Nine out 16 graduate students chosen worldwide for the prestigious 2011 Translation and Terminology Fellowships at the World Intellectual Property Organization (WIPO) in Geneva come from the Monterey Institute.
Alumni Profile: Working to Improve the Lives of Women and Children in Pakistan
August 1, 2012
Working at a non-profit providing legal aid to the impoverished in his native Pakistan, Amir Murtaza (MAIPS ’07) saw how poor women and their children were treated socially and to some extent also legally, as second-class citizens. He set out to study the marginalized in developing countries where patriarchal and feudal systems often worked to the disadvantage of the most vulnerable. “I was lucky to have had a great education and a supportive family,” says Amir, who set out to do his part to give a voice to and improve the lives of the disenfranchised.
Determined to “Be the Solution,” Amir won a Fulbright Scholarship and came to Monterey to study development and to advance his skills for grassroots level organization. He still stays in touch with many of his “incredible” teachers, but perhaps of even more value were the connections that he formed with other students— “brilliant people working in development for the social welfare of humankind.” He says that his fellow MIIS alumni now serve as a valuable “backland,” professionally as well as personally.
Amir describes his work as a consultant to major international aid agencies, UN organizations and Government of Pakistan as a great way to fund his passion for helping grassroots organizations. In February of 2011, he started the Human and Community Development Clinic to provide free technical assistance to cash-strapped local non-profit organizations, individuals, and community groups.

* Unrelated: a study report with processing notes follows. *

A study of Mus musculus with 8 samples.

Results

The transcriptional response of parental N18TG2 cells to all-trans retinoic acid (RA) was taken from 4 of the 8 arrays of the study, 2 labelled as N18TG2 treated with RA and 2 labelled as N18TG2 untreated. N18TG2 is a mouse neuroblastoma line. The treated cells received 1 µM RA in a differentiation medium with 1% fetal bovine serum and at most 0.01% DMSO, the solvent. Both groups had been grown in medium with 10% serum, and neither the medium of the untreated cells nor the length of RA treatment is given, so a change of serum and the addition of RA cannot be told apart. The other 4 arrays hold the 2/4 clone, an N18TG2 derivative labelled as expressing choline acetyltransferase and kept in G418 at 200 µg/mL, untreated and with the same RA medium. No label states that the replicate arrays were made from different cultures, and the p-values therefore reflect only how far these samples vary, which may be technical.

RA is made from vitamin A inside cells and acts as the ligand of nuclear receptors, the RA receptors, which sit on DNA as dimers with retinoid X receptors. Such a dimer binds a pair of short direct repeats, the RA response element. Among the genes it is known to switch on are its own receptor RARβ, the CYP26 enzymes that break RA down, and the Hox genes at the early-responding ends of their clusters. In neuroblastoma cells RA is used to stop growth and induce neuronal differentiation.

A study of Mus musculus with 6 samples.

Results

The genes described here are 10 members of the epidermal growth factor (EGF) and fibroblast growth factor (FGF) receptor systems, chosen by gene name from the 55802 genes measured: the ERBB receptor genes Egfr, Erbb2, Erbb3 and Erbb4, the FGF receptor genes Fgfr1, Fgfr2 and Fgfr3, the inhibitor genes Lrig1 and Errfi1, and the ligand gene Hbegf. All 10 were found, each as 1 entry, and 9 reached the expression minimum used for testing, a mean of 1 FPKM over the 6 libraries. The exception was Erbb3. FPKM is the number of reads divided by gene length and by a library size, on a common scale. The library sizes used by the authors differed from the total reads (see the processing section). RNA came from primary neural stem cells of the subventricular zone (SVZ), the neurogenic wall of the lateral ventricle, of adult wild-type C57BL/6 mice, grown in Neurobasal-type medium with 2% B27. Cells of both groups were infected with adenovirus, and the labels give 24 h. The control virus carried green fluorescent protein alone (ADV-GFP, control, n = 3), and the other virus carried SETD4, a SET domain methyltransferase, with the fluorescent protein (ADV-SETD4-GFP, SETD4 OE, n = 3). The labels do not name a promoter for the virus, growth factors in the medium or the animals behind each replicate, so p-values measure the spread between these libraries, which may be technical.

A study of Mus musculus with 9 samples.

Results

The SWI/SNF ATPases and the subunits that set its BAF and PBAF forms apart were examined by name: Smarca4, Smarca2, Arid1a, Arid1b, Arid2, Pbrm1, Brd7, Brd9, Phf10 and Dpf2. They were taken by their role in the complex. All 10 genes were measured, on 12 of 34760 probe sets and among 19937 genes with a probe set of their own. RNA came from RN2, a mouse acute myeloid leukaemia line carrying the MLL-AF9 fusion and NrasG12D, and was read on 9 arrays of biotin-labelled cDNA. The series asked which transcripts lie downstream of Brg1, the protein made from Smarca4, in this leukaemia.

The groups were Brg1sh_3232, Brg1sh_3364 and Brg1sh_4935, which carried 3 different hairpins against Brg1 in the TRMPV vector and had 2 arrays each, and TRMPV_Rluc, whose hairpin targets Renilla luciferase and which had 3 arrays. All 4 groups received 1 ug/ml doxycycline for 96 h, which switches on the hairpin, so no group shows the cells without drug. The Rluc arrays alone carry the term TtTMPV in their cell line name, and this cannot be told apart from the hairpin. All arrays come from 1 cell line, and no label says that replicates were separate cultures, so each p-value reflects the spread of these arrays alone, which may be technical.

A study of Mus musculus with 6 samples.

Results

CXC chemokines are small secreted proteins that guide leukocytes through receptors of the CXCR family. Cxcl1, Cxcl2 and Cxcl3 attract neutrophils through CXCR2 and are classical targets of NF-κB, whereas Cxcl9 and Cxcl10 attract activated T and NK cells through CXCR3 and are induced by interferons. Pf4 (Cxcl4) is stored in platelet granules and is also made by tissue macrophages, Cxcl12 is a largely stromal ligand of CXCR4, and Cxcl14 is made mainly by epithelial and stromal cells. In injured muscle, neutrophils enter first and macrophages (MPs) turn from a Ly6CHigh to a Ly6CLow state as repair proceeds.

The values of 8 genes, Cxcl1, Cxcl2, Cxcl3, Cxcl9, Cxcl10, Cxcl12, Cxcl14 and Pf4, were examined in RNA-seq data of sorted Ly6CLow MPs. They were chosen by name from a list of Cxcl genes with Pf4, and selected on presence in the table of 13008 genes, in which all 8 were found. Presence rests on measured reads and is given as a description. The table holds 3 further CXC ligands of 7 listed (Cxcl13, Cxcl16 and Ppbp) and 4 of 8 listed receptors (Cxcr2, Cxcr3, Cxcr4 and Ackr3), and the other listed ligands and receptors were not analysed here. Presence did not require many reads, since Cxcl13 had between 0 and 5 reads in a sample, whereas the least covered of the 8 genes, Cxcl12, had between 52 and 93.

Amir is a passionate advocate against discrimination and marginalization of women and children, which he views as a major human rights concern. Since his graduation in 2007, Amir has been extensively writing on issues related to women and children in Pakistan and South Asia in an effort to raise awareness. His work has been widely published in journals, newspapers and websites of human right-focused organizations.
When not focused on improving the lives of the disenfranchised and poor, Amir can be found inspiring young people to follow his footsteps at the University of Karachi where he has taught courses related to human resource development. Now he is looking into adding a PhD degree to his already impressive resumé. “I am still single,” he shares laughingly, “and although my mom does not want to hear it, that means I have the opportunity to do what I like.”
Like this story? Here are a few suggestions:
In two articles published by the New York Times, MIIS alumna Jaala Thibault (MATESOL ´07) shares her experience as a female professor teaching young men and women in Kabul, Afghanistan—an experience unimaginable only ten years ago.